Restoration Hardware, purveyor of $80 shower caddies and the finest papier-mache sharks that money can buy, has decided to break the mould when it comes to mail order shopping in a decision that’s left many flummoxed customers reaching for the ibuprofen instead of perusing crystal-knobbed finials.

In lieu of sending out already substantial catalogs periodically throughout the year as is custom, the upmarket home furnishings retailer has opted to distribute 13 separate “source books” — four “lifestyle" books and nine “category” books — all at once resulting in a hulking, shrink-wrapped beast totaling well over 3,000 pages. Just think of it as being the unwieldy lovechild of a phone book, a Sears holiday catalog circa 1988, and a beautifully produced interior design coffee table tome.

And while coming home to a 17-pound bundle of Restoration Hardware goodness sitting on the front porch (and a UPS guy collapsed in the driveway) has been a welcome sight for many dedicated RH shoppers (Hooray! Now I know what to occupy myself with for the next four weeks!), it’s also rubbed others the wrong way.

Social media outlets have been overflowing as of late with vexed Restoration Hardware catalog-receivers sharing photos and venting about the girth, weight, wastefulness, and overall ridiculousness of the retailer’s latest mailing. (Pity those who appear on the retailer’s mailing list twice.) Apparently, there’s even a Tumblr blog dedicated to the epically proportioned mailing dubbed Deforestation Hardware.

A few choice words and phrases plucked from across Twitter in reaction to the catalogs: "Criminal marketing," "PR fail," "cumbersome," "irresponsible," "furious," "overwhelmed," "assault," "appalled," "small human," "horrendous waste," "...lifts with my trainer this morning."

Restoration Hardware, a company that’s also been accused of egregious super-sizing outside of the mail order department, claims that in terms of environmental impact, the move is actually a sustainable one.

On a page on the Restoration Hardware website dedicated to the “Source Book Sustainability Initiative,” the company outlines, in detail, why a 17-pound multi-volume mailing is more environmentally sustainable than sending out separate catalogs throughout the year. The page also notes that the source books were sent out as part of a carbon neutral partnership with UPS and that the paper used in the catalogs are FSC-certified. Also detailed is the company’s involvement with the Verso Forest Certification Grant Program.

Our 13 source books are published just once a year and shipped in a single package. These books serve as a design library for customers to reference for inspiration throughout the year.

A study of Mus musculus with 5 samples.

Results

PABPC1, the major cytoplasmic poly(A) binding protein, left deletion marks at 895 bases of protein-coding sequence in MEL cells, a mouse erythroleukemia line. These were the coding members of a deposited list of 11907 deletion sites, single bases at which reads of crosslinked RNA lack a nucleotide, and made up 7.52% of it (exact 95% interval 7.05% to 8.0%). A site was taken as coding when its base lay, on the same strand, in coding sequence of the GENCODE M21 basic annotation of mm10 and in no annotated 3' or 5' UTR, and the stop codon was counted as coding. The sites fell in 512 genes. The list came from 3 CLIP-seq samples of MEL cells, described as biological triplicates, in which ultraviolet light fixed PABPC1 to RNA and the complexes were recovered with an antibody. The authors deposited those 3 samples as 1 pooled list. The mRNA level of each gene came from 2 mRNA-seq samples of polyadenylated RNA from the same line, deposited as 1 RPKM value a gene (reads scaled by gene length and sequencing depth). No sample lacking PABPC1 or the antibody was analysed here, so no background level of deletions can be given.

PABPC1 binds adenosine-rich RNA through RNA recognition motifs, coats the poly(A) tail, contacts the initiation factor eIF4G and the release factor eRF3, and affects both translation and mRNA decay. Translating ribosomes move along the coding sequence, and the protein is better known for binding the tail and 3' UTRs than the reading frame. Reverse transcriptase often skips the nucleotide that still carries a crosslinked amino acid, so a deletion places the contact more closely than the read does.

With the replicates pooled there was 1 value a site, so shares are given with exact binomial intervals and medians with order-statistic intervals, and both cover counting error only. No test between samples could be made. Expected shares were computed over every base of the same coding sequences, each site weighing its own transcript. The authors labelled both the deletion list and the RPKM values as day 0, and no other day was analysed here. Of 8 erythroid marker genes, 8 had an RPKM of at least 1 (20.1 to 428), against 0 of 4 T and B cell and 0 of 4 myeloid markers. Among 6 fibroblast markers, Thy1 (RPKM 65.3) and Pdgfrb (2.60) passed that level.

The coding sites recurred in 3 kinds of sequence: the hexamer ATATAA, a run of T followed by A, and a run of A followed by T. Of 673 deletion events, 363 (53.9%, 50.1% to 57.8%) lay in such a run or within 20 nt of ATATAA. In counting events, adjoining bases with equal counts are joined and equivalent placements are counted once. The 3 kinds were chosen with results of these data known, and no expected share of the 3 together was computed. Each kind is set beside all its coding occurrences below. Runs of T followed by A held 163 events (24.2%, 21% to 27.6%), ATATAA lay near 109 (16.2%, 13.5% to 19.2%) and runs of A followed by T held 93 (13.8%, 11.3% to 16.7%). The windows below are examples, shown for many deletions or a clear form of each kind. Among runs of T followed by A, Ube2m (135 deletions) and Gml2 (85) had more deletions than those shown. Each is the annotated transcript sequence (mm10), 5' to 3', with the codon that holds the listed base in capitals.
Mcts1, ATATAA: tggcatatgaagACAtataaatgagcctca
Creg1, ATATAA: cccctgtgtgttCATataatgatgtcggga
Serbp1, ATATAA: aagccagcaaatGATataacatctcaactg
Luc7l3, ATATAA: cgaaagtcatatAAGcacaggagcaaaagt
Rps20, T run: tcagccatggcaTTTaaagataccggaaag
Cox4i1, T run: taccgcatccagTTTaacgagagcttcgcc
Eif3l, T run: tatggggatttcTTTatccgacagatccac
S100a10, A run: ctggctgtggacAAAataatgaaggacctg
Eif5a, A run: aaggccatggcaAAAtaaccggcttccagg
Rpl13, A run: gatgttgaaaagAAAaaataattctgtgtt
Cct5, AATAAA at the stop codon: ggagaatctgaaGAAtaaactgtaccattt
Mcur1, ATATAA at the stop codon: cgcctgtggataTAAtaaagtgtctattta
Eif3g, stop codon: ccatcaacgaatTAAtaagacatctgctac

Not listed on the Restoration Hardware website are the ways in which one can creatively reuse a weighty stack of 13 glossy catalogs. Doorstop? Footstool? Prop for a wobbly table? Vehicle lift? Cockroach killer?

I get that the transportation-related carbon footprint tied into a single large mailing may be less intensive than the carbon footprint associated with sending out smaller monthly or quarterly mailings. From a business standpoint, it makes sense. But 17 pounds of catalog at once? Although UPS didn’t deliver the 2014 Restoration Hardware encyclopedia set to my home, the whole thing strikes me as being aggressive, over-the-top, comical, and rather obscene.

I can understand why people are upset.

Restoration Hardware honcho Gary Friedman, who recently provided Apartment Therapy with additional insight into the mega-mailing and the company’s overall direction, doesn’t seem all that concerned. The Corte Madera, California-headquartered retailer recently demonstrated remarkable financial health and Friedman claims that sales have actually jumped in the weeks since the source books were unleashed despite there being a higher number of catalog opt-outs compared to this time last year — “you’d expect that because the book is twice as big.”

Did you receive the Restoration Hardware 2014 source book bonanza? And what was your initial reaction? Did you immediately click here to cancel future, and possibly even more gargantuan, mailings?

Via [Chicago Tribune]


Restoration Hardware's mail order monstrosity is a catalog hater's worst nightmare
So what did you do with your 17-pound, cinder block-esque stack of Restoration Hardware catalogs?